The History of the Rebellion and Civil Wars in England: Together with an Historical View of the Affairs of Ireland, Volume 3

Page 197 - When there was any overture, or hope of peace, he would be more erect and vigorous, and exceedingly solicitous to press any thing which he thought might promote it; and sitting among his friends, often, after a deep silence and frequent sighs, would, with a shrill and sad accent, ingeminate the word peace, peace...
Page 217 - God, endeavour in our several places and callings, the preservation of the reformed religion in the Church of Scotland, in doctrine, worship, discipline and government, against our common enemies ; the reformation of religion in the kingdoms of England and Ireland, in doctrine, worship, discipline and government, according to the Word of God. and the example of the best reformed Churches...
Page 68 - Afterwards, he retired to a more reserved and melancholy society, yet preserving his own natural cheerfulness and vivacity, and above all, a flowing courtesy to all men...
Page 219 - ... all the days of our lives, zealously and constantly continue therein, against all opposition, and promote the same according to our power, against all lets and impediments whatsoever. And what we are not able ourselves to suppress or overcome, we shall reveal and make it known, that it may be timely prevented or removed ; all which we shall do as in the sight of God.
Page 198 - In the morning before the battle, as always upon action, he was very cheerful, and put himself into the first rank of the lord Byron's regiment, who was then advancing upon the enemy, who had lined the hedges on both sides with musketeers ; from whence he was shot with a musket in the lower part of the belly, and in the instant falling from his horse, his body was not found till the next morning; till when, there was some hope he might have been a prisoner ; though his nearest friends, who knew his...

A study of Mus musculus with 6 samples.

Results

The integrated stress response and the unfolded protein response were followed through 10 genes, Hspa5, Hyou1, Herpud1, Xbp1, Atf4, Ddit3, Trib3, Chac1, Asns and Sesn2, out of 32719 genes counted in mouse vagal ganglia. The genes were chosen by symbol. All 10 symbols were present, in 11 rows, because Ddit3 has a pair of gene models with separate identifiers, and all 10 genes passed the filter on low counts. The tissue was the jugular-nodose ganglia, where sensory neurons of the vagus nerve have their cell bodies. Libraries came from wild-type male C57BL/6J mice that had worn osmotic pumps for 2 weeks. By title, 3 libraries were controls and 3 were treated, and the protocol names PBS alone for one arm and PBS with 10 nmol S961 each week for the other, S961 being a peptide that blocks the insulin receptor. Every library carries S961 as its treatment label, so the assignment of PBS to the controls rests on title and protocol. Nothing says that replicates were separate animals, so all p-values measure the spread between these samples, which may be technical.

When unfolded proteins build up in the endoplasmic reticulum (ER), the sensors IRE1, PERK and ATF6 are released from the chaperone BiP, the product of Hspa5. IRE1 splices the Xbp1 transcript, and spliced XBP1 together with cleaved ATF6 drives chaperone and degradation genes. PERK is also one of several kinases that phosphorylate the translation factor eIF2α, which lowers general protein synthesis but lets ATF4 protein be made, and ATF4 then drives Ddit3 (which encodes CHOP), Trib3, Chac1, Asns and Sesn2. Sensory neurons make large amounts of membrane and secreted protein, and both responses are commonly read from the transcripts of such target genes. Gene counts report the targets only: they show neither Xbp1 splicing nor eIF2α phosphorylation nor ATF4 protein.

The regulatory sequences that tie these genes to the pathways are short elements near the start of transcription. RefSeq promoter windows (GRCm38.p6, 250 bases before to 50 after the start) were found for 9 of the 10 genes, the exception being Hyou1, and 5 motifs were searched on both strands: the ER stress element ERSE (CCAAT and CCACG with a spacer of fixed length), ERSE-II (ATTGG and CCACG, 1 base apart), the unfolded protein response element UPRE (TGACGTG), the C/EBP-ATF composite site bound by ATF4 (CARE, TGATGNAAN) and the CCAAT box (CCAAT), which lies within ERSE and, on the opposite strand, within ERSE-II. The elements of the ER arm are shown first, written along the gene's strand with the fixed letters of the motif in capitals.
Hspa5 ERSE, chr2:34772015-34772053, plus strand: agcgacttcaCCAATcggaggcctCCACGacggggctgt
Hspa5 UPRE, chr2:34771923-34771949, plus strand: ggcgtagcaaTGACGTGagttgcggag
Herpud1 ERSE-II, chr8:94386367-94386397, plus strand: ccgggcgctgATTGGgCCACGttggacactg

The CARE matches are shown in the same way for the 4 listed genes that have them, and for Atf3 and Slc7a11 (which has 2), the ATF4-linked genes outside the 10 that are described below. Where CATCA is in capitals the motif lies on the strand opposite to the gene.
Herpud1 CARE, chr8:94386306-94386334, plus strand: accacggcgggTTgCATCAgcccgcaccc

Page 260 - Make this fellow return, that he may go again to his place which thou hast appointed him, and let him not go down with us to battle, lest in the battle he be an adversary to us: for wherewith should he reconcile himself unto his master? Should it not be with the heads of these men? 5. Is not this David, of whom they sang one to another in dances, saying, Saul slew his thousands, and David his ten thousands?
Page 70 - ... courage equal to his best parts ; so that he was an enemy not to be wished wherever he might have been made a friend, and as much to be apprehended, where he was so, as any man could deserve to be ; and therefore his death was no less pleasing to the one party, than it was condoled in the other.
Page 188 - He was superior to all those passions and affections which attend vulgar minds, and was guilty of no other ambition than of knowledge, and to be reputed a lover of all good men ; and that made him too much a contemner of those arts which must be indulged in the transactions of human affairs.
Page 239 - And when the queen of Sheba had seen all Solomon's wisdom, and the house that he had built, and the meat of his table, and the sitting of his servants, and the attendance of his ministers, and their apparel, and his cup-bearers, and his ascent by which he went up unto the house of the Lord, there was no more spirit in her.